This weekend I had the pleasure of going beekeeping again at Ransom Produce in Elm Grove, LA. This time the weather was just warm enough to open some hives and do some preliminary assessments of how the hives performed over winter. Also, since the last post lacked pictures due to technical reasons, I took the liberty to take some this time and I think they are better anyway! In consideration of it being my first time around the hives, Mike was kind enough to lend me his beekeeping suit and a pair of gloves. Digging around in my father’s old military gear, I was able to find an insect net to cover my head… kind of.
Once we suited up, we went over to one of the locations on the farm where they have a few hives and we got straight to work. We began applying smoke to the first hive, opened it up, and began inspection. It was truly fascinating to see the bees hard at work! I will be very honest, since it was my first time, I was a little nervous when we opened the first hive. I even had a few bees fly right into my insect net and fly around my face but one of the first things I was told was not to panic or swat at them because it will just make them swarm. Therefore, I let the bees buzz around my face for a minute or two hoping they would fly out and when they didn’t I calmly walked away from the hive and took off my insect net and let them out. A completely stingless/painless process! In our (Mike and Jacob’s) assessment of the hives we found the first hive to be relatively healthy! The bees had quite a lot of honey, there were brood (eggs, larva, and pupa) meaning they were producing more bees. However, we did find hive beetles which can be detrimental to hives. In the second hive, they weren’t doing so hot. They had a lot of honey, which means they had a good food source over summer, but what we couldn’t find was a queen. Mike suspected that they tried to hatch a new queen but they couldn’t and from his analysis he doesn’t think there are enough bees in the hive for it to survive. The third hive was much more active and healthier. There wasn’t much the smoker could do to try and calm them. They came out in full force to protect the hive. We found that this hive was generating lots of honey and lots of bees with only a small infestation of hive beetles. It was so awesome to see the different attitudes each beehive had to the inspection. Each hive reacted differently, the first was rather docile, the second was a little more agitated but nothing major, and the third was much more aggressive and ready to protect the hive. There are many variables to each hives reaction, whether it was size of the hive or communication with the previous hives, so I couldn’t pin down the reason but from what Mike told me, he thinks each hive is unique in their response regardless of communication with other hives.
After inspecting the hives, we went to their honey shed to pour some honey that would later be sent to a local Granola company in Shreveport named Good Granoly. Mike has a very efficient set-up that can produce what seems like a large amount of honey once they start processing the combs from the hives. One of the unique selling points of Mike’s honey is that it is raw honey, which means it is not pasteurized. He prefers raw honey to pasteurized honey to keep necessary bacteria in the honey and to maintain a good flavor from the local pollen the bees used to make the honey.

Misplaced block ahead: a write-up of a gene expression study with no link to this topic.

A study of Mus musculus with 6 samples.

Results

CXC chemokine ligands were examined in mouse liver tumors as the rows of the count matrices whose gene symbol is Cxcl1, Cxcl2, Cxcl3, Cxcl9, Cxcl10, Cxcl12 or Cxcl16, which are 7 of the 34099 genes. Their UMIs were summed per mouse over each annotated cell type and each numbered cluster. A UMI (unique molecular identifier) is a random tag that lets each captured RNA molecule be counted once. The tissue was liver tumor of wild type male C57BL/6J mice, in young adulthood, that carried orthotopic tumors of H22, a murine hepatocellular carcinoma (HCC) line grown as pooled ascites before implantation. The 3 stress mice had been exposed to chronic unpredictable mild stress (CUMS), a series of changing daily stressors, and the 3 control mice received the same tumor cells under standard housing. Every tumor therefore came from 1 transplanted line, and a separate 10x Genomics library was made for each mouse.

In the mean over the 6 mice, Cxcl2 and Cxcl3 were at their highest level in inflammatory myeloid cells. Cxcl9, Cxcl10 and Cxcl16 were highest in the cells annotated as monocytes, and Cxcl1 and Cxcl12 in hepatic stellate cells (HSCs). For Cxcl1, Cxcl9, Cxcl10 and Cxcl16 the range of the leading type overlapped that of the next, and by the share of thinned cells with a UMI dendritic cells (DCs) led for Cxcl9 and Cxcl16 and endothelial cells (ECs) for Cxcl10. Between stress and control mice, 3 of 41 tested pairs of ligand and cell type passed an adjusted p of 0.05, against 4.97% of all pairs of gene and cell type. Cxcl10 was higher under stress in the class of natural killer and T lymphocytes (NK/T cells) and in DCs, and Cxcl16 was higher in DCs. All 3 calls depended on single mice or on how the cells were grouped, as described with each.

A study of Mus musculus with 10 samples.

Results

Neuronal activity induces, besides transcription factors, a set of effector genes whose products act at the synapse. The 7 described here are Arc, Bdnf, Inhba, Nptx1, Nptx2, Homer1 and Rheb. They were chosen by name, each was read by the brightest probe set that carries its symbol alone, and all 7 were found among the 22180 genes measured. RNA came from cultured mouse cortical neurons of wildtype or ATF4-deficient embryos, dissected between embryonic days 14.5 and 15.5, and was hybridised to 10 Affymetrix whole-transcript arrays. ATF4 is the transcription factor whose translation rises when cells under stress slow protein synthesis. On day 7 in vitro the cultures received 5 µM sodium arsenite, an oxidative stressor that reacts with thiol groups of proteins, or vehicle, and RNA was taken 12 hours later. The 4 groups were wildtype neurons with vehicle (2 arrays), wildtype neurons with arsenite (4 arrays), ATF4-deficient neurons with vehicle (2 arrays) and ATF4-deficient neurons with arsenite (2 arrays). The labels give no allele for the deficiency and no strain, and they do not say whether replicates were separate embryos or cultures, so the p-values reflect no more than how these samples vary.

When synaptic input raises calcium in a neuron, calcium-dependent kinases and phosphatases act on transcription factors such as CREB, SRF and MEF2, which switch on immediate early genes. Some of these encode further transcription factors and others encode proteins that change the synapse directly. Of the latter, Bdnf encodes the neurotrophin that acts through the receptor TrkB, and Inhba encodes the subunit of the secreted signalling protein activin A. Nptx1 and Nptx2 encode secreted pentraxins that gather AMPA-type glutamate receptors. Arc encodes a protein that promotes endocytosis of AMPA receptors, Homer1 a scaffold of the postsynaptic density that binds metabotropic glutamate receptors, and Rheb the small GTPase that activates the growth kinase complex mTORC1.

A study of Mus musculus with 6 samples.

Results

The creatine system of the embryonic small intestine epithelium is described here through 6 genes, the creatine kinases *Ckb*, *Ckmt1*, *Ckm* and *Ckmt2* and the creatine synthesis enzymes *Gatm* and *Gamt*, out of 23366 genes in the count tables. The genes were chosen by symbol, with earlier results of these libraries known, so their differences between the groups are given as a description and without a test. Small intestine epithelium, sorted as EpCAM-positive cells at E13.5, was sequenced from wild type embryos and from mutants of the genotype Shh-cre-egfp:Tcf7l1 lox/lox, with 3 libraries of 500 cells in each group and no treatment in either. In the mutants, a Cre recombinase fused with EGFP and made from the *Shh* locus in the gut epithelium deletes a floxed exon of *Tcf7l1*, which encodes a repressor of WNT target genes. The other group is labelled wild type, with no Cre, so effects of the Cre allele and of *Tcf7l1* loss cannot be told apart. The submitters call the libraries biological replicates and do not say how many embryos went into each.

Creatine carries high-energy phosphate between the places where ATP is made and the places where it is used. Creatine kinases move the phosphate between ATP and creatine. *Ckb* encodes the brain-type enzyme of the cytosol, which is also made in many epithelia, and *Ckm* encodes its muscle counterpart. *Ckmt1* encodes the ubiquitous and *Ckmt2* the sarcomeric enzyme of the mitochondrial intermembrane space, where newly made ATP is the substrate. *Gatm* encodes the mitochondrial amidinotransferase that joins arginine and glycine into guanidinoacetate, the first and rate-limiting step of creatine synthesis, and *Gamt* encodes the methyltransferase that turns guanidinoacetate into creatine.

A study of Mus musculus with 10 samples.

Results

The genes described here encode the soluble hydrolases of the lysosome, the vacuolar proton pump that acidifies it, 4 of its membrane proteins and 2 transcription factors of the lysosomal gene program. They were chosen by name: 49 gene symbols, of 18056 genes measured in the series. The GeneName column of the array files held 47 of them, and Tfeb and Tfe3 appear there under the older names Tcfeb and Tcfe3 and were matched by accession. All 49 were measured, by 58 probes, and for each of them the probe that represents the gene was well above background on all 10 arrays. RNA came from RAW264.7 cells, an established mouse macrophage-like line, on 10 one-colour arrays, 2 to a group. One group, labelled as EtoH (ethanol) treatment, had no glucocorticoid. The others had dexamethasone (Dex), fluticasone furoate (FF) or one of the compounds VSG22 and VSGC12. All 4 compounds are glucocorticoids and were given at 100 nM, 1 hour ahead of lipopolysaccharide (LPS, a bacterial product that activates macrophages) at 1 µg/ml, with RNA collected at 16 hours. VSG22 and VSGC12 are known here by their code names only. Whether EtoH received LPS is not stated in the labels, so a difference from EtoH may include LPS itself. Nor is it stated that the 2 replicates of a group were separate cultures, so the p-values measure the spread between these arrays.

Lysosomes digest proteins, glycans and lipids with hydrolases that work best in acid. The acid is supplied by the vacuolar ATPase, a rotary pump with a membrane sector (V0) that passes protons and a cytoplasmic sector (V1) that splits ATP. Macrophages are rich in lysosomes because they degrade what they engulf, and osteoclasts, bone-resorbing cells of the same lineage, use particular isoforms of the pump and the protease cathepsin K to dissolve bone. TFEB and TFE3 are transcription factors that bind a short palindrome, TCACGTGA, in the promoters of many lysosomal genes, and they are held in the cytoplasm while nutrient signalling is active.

After my second time at the Ransom farm, I can definitely say that I will be back to help them work and to learn much much more about beekeeping. After checking the hives, and pouring the honey, I sat down with Mike and Jacob to just talk about bees and agriculture in general. It is so awesome to be able to listen and learn about sustainable agriculture from someone involved in the process. My experience with beekeeping and Ransom Produce have been excellent and I can definitely see myself getting into beekeeping as a hobby once I settle down from my future career as a Foreign Service Officer (wink wink) and procure my own land. In fact, Mike suggested that I invest in a beekeeping suit of my own for the upcoming bee season and for when I depart to Senegal. So I took his advice and did just that; I found and purchased a ventilated suit that should be appropriate for the hot and humid climates of both Louisiana and Senegal! In fact, it is the first piece of equipment that I’ve bought for my packing list!
I am so grateful to Mike and his family for graciously letting me observe, work, and soak up all the information they have to offer! It is so nice to have another hobby especially since I can’t really skate that much at the moment. I also received the email that initiated medical clearance last night which means I am roughly 6 months out from departure and it also means I will develop a close connection with a doctor and a dentist once I present them with all the lovely paperwork I have to have them fill out and all the exams/vaccinations I need completed. I sometimes think 6 months is a long time but I also realize that my perception of time has a tendency to speed up. Therefore, I should enjoy each and every moment I have with my family and friends before I depart. With that said, I begin the first part of my ‘continental US goodbye tour’ (sorry to my friends and family in Hawaii and outside the US) with a trip to Colorado on Friday to visit and snowboard with my best friend Jon from high school in Korea for a week and then another week in Kentucky to hike, fish, and visit a college campus again. I plan to have a decent amount of pictures and stories from my nice 2 weeks off of work to share with you all (y’all*) upon my return!
*- I have no sort of accent whatsoever but I thought I’d add some good ‘ol Louisiana Southern charm for once.